There is something to the market adage “Sell in May and go away,” and it’s not just that traders and people in general are taking vacations over the summer and business tends to slow down. As the heat increases, it has been shown that the economy cools off.
An analysis of the American Time Use Survey found that on days with a maximum temperature above 85 degrees Fahrenheit, workers with higher climate exposure cut their working day by as much as an hour.
Heat also has been linked to a significant reduction in income per capita in the United States, with average daily income declining 1.5% for each 1.8 degrees that daily average temperatures exceed 59 degrees. Geoffrey Heal and Jisung Park pointed out in their review of research on climate and human health that this means that a day measuring at 84 degrees reduces the country’s annual income by 0.065%, and 20 such days a year would reduce income by 1.2%, equivalent to a minor recession.
A sizable portion of the U.S. labor force is exposed to extreme weather, with 5 million people working in the transport sector, 7 million in construction and 1.3 million on farms.
Overall, 58% of U.S. workers are hourly employees and many of the new jobs that have been added to the economy post-recession are part-time positions or in industries like construction that are affected by extreme weather.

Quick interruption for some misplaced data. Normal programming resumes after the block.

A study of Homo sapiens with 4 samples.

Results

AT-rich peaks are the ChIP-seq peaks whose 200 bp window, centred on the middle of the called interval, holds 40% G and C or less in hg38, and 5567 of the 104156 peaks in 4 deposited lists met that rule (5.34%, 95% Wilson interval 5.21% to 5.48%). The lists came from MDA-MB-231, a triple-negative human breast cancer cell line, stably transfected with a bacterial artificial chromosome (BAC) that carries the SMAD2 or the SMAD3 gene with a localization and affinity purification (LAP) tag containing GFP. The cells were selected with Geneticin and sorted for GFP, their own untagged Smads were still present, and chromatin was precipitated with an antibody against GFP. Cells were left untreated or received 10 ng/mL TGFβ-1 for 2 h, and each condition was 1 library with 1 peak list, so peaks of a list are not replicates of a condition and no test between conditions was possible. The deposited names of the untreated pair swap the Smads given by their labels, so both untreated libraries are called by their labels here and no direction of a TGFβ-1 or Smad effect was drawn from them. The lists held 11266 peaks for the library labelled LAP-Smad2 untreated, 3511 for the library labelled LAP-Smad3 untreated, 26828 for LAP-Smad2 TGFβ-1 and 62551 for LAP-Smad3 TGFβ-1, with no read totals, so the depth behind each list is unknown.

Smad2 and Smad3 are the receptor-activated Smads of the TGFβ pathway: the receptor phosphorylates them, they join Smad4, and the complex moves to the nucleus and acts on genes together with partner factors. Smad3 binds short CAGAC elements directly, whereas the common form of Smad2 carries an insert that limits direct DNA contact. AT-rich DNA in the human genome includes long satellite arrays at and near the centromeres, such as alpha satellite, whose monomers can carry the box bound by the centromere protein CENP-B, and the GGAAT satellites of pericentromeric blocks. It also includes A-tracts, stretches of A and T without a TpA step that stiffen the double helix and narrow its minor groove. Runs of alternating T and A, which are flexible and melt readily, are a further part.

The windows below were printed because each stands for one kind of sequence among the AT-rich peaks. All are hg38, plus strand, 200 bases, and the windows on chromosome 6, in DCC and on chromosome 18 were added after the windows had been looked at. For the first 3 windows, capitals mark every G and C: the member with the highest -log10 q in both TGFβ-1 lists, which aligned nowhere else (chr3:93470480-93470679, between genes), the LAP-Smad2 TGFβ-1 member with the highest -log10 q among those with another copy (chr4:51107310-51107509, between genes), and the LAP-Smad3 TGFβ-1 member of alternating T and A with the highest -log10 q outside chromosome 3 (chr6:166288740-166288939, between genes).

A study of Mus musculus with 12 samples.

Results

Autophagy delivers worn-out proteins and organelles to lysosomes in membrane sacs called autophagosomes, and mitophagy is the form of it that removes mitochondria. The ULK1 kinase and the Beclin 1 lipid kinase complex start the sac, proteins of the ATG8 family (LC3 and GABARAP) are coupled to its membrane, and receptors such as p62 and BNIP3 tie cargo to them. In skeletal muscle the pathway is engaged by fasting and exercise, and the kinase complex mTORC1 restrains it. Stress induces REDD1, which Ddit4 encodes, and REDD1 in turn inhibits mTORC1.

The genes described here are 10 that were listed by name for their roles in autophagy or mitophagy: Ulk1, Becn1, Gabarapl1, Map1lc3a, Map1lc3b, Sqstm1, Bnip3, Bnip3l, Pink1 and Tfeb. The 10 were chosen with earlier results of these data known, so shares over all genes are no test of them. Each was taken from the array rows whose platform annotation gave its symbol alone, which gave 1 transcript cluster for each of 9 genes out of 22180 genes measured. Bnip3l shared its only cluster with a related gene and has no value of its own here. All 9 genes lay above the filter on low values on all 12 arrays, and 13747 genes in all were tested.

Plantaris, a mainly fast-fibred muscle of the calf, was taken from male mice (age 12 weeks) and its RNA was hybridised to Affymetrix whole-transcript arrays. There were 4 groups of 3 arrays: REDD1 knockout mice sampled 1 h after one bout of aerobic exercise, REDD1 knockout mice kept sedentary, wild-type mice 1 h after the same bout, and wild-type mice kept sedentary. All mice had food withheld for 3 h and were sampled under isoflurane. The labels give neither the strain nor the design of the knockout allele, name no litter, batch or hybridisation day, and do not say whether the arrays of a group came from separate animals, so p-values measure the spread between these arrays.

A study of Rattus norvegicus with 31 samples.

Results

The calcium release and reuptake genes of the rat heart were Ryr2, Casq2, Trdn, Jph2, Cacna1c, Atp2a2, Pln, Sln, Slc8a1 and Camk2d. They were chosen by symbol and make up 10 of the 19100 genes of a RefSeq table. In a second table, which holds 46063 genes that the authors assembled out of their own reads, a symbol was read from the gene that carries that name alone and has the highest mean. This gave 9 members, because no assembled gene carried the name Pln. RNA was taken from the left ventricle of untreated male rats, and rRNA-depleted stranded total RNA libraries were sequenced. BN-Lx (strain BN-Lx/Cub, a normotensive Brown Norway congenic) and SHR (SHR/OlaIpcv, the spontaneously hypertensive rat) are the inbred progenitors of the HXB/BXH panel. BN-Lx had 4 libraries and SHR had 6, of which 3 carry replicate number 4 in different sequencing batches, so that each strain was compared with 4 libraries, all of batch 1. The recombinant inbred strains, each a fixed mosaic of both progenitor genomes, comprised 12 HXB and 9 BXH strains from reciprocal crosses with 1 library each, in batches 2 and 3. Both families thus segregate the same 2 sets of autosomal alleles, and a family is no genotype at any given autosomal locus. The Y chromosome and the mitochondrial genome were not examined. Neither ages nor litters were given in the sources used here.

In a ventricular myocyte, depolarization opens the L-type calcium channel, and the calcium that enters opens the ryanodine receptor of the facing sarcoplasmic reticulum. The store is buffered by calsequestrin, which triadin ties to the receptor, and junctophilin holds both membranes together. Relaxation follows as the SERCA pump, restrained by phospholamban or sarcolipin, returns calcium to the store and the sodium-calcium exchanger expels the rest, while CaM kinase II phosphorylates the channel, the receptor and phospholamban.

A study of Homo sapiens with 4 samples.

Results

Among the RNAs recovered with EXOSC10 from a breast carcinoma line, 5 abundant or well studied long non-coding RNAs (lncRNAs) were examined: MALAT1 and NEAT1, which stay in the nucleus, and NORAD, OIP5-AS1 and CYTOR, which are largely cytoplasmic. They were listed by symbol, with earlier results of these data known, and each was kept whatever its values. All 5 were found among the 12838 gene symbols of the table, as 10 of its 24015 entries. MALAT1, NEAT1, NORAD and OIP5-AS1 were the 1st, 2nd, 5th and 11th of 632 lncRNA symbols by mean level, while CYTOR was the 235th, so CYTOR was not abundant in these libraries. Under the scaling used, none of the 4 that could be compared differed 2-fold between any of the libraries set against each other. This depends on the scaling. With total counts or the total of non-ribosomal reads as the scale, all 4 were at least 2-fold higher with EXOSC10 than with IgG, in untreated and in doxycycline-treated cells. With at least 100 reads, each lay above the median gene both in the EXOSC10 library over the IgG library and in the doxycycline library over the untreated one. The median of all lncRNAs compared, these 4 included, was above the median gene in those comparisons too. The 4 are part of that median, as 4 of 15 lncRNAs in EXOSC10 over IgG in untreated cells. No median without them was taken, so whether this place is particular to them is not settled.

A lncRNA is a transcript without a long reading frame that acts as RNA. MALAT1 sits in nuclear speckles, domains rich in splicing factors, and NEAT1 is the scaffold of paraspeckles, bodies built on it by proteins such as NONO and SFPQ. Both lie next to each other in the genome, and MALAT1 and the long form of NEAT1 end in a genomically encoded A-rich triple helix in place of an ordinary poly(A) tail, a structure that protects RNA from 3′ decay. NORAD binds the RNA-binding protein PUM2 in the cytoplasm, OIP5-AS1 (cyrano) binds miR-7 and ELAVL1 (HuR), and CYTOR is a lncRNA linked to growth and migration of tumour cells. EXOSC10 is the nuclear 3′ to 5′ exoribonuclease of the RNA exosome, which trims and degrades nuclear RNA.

This is concerning because extreme weather is on the rise. Since 1980, the United States has experienced 246 billion-dollar disasters, of which 44% have occurred in the past 10 years alone. Such events also have become more expensive, costing the economy more than $1.1 trillion since 2005 and $500 billion in just the past five years.
So far, this summer’s extreme weather has had little impact on the markets, except for price fluctuation on some agricultural products, especially corn and soybeans. However, as economic data is released this month and next, it’s incredibly possible that a negative impact from this summer will be seen.